Woman arrested on Gülen links says in letter her children were left to the care of relatives

A woman who was arrested due to alleged links to the Gülen movement said in a letter to Peoples’ Democratic Party (HDP) deputy Ömer Faruk Gergerlioğlu that her children had been left to the care of relatives, the Bold Medya news website reported.

Beyza Yıldırım said after she was arrested along with her husband, her 7-year-old daughter was sent to live with her aunt, while her 13-year-old son was sent to live with his uncle. “Why won’ they [the authorities] allow me to be with my children while my husband is imprisoned?” she said. “They can’t even come to visit me, and I’m afraid my children will grow up motherless.”

Yıldırım was a teacher before she was summarily dismissed by a government decree. She was briefly detained in 2017 and later sentenced to six years, three months in prison. Accused of working at a private school linked to the Gülen movement, Yıldırım and her husband decided to leave the country.

Her husband, Ali Yıldırım, was also sentenced to six years, 10 months in prison.

The couple left for Greece with their children but were pushed back to Turkey and arrested in the border city of Edirne.

The Justice and Development Party (AKP) government launched a war against the Gülen movement, a worldwide civic initiative inspired by the ideas of Muslim cleric Fethullah Gülen, after the corruption investigations of Dec. 17-25, 2013 that implicated then-prime minister and current president Erdoğan’s family members and inner circle.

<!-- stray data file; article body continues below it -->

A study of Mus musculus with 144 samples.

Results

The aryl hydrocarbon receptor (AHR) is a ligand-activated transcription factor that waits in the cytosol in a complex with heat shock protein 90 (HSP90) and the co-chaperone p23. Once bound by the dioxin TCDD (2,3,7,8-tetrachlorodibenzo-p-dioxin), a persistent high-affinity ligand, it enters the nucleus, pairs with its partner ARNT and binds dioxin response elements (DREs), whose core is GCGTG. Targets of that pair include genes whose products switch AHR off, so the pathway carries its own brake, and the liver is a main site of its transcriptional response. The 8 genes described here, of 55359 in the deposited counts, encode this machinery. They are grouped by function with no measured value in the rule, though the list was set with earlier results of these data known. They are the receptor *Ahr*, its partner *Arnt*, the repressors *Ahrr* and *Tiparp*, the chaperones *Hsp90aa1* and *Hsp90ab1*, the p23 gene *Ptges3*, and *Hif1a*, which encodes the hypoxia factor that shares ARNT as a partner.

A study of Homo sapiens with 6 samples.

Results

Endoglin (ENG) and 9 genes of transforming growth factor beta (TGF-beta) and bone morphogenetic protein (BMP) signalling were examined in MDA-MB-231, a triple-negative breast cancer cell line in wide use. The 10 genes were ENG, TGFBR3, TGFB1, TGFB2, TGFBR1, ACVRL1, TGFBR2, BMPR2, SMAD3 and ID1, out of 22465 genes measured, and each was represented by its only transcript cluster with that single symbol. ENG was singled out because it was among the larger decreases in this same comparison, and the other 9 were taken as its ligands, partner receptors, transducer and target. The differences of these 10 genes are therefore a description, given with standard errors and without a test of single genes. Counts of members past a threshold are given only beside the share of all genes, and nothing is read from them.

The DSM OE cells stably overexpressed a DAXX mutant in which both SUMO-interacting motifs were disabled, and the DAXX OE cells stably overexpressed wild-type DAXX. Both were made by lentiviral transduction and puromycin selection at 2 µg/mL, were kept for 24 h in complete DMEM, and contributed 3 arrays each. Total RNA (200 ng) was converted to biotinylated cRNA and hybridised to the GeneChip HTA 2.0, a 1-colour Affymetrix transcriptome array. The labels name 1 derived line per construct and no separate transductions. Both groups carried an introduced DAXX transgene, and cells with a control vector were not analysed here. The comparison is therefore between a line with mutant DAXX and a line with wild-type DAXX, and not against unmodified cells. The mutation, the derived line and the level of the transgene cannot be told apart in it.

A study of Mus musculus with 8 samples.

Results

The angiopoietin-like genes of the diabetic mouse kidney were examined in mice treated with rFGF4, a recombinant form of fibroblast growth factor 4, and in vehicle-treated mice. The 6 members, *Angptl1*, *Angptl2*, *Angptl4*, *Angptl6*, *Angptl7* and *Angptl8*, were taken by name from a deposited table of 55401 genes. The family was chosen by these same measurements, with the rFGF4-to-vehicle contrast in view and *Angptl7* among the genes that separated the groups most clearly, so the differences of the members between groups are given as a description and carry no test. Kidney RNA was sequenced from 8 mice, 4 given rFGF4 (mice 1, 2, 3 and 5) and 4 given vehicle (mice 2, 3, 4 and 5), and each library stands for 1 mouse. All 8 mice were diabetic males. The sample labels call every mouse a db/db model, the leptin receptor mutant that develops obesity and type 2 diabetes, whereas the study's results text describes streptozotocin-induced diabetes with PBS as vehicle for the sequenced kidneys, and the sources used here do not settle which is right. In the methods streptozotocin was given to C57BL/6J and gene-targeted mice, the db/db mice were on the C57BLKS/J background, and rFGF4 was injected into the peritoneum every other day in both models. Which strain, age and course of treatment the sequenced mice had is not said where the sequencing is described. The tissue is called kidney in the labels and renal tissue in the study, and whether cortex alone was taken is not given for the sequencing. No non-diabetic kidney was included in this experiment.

Dismissing the investigations as a Gülenist coup and conspiracy, the AKP government designated the movement as a terrorist organization and began to target its members. The government intensified the crackdown following the coup attempt in July 2016.

A total of 319,587 people have been detained and 99,962 arrested in operations against supporters of the Gülen movement since the coup attempt, Turkey’s Interior Minister Süleyman Soylu announced in November.

The purge has damaged the unity of many families and left children to the care of relatives. Such separations have had a negative impact on the mental and physical well-being of children. In cases where grandparents are responsible for the child’s care, they cannot meet every need, especially in education.

In addition to the thousands who were jailed, scores of other Gülen movement followers had to flee Turkey to avoid the government crackdown.

Purge victims who wanted to flee the country to avoid the post-coup crackdown took dangerous journeys across the Evros River or the Aegean Sea. Some were arrested by Turkish security forces; some were pushed back to Turkey by Greek security forces and others perished on their way to Greece.

The purge victims had to leave the country illegally because the government had revoked their passports.